By: Ivonne J. Hernandez
In a letter to Mme Tholin-Bost, dated October 22, 1851, St. Peter Julian Eymard writes:
St. Peter Julian wrote about this “universal indifference taking hold of many Catholics” back in 1851, which he described as happening “in a frightening way”. I wonder what words he would choose to describe the level of indifference we see today. Yet, as tempting as it is for me to look out and see how “other people” are suffering from this indifference, the call is always to look within. Is there any part of me that has grown numb to the suffering of another? Is there any part of me that is choosing not to love?
Once I heard someone say that they were not going to visit a loved one who was dying because they didn’t want to remember them that way. They didn’t want to deal with the reality of suffering, the reality of death. Visiting the sick is a challenging act of mercy. It requires something of us. When you truly look in the eyes of someone when they are suffering, you cannot be indifferent. Once you open your eyes and look with love, their suffering becomes yours. “Of you my heart has spoken, Seek his face. It is your face, O Lord, that I seek; hide not your face from me” (Psalm 26:8-9). He does not hide His face from us, it is us who choose to turn away when that looks brings us pain.
We are in the season of Lent, a time when we are invited to be transformed, to change. Fasting, prayer, and almsgiving awaken our dulled senses to the reality around us, lifting the veil of indifference that keeps us separate from one another. When we first hear that the remedy for the universal indifference is love for Jesus Eucharistic, some might wonder how this might be. What does receiving the Eucharist or spending time in Eucharistic Adoration have to do with caring for the suffering or tending to the poor? Everything! When you fall in love with Jesus in the Eucharist, you will then recognize Him anywhere, especially in the face of the poor, the suffering, the lonely. These are the faces that most resemble Him while hanging on the Cross. It is when we look in those eyes that we hear Him say, “Turn to me and be safe, …for I am God; there is no other!” (Isaiah 45:22). When we look with love into the eyes of suffering, His face might be disfigured, but “faith will tell us Christ is present when our human senses fail” (Tantum Ergo).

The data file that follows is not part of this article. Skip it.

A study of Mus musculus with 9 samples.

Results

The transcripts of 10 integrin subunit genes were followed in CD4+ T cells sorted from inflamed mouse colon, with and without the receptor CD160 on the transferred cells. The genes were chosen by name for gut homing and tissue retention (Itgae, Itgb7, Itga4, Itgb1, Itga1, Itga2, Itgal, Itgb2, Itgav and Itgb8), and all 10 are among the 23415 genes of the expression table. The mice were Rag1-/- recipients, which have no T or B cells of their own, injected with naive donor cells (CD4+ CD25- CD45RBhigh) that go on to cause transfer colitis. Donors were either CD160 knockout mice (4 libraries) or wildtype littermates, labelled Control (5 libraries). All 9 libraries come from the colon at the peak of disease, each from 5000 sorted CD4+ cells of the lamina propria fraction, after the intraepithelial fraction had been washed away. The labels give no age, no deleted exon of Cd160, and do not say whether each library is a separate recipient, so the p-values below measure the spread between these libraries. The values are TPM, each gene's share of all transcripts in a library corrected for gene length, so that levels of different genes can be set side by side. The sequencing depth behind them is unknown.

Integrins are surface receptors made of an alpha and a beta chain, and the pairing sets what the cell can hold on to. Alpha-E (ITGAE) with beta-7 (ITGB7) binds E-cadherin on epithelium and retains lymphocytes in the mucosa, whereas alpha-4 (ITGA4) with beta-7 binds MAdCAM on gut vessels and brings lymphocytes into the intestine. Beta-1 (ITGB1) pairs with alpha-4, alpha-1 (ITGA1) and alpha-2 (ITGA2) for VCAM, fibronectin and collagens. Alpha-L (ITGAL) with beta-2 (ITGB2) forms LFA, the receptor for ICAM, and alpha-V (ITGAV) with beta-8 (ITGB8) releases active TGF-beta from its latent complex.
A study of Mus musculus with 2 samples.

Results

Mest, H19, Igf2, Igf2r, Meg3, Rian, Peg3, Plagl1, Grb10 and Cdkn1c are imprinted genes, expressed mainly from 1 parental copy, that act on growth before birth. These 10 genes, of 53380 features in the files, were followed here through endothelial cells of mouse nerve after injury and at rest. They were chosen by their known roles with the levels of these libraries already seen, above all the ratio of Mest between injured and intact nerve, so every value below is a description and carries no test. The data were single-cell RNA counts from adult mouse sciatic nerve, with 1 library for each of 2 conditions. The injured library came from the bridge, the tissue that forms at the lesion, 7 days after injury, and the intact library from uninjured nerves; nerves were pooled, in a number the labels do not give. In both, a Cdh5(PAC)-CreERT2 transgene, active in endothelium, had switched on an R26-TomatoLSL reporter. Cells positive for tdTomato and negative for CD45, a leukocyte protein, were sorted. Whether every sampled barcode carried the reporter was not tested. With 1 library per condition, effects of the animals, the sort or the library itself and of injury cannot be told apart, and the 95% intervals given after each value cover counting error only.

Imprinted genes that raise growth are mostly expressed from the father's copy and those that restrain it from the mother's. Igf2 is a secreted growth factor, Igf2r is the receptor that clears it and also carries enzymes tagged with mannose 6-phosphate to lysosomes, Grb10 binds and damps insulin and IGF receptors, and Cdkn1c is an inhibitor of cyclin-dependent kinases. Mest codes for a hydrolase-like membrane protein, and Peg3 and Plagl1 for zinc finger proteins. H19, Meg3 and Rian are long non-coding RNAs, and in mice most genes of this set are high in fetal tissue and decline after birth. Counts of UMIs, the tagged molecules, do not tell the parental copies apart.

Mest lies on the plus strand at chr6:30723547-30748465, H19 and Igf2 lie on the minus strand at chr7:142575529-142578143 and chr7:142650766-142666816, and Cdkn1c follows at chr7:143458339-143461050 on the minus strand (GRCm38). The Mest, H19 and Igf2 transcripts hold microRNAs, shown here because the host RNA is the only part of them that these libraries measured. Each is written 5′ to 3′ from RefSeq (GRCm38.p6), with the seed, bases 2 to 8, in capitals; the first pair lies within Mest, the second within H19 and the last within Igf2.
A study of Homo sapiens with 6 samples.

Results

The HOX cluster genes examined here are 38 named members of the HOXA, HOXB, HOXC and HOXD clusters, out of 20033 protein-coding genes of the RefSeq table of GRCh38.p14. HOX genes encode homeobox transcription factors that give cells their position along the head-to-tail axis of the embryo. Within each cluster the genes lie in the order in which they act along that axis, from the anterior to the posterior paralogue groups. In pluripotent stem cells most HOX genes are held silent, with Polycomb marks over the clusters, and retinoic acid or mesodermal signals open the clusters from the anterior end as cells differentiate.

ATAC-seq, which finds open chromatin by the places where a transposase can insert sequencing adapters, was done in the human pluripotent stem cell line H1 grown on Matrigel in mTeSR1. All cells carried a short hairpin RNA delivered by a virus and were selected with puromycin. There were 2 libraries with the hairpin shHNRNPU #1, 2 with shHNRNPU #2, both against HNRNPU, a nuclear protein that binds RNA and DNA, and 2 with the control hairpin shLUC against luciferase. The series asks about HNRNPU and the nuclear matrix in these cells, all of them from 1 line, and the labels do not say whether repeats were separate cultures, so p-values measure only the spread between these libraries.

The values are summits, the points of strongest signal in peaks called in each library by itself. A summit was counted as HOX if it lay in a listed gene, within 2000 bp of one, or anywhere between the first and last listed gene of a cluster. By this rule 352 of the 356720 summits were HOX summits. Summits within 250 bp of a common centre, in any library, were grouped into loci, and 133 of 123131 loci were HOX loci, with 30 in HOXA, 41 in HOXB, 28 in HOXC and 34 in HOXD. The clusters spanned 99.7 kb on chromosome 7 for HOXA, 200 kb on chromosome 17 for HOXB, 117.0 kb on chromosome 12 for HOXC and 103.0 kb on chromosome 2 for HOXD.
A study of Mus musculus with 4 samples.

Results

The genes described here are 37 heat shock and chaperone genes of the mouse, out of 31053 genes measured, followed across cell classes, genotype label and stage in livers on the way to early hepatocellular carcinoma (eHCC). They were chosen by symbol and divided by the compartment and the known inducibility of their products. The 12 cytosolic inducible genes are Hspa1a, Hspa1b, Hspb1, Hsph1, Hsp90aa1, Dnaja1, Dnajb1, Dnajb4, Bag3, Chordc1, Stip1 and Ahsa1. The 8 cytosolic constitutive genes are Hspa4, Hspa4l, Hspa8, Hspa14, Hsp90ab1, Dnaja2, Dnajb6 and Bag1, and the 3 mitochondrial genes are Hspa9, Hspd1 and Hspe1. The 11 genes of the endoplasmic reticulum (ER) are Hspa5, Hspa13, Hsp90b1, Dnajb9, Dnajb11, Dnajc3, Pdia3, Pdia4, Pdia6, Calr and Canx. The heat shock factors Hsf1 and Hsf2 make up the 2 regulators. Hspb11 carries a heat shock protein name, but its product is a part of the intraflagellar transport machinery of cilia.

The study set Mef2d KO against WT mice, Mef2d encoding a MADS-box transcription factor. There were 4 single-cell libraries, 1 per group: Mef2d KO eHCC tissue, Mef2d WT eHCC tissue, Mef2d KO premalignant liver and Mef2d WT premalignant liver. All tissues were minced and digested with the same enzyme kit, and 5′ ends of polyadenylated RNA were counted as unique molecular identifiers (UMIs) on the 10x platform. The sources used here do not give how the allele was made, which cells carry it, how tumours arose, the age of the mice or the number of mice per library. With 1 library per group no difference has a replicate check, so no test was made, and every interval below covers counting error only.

Love always seeks to give itself, and Jesus is the great multiplier. An hour adoring Him in the chapel will be multiplied into many hours serving Him in the world. It is then that the fire that He kindled in our hearts will spread and “enkindle the whole world” (Luke 12:49). So let us take this opportunity of grace to look honestly and ask which parts of our hearts have grown cold and need kindling. And then let us turn…turn to Him and listen… “Listen to Him” (Mark 9:7). “My sheep hear my voice; I know them, and they follow me” (John 10:27).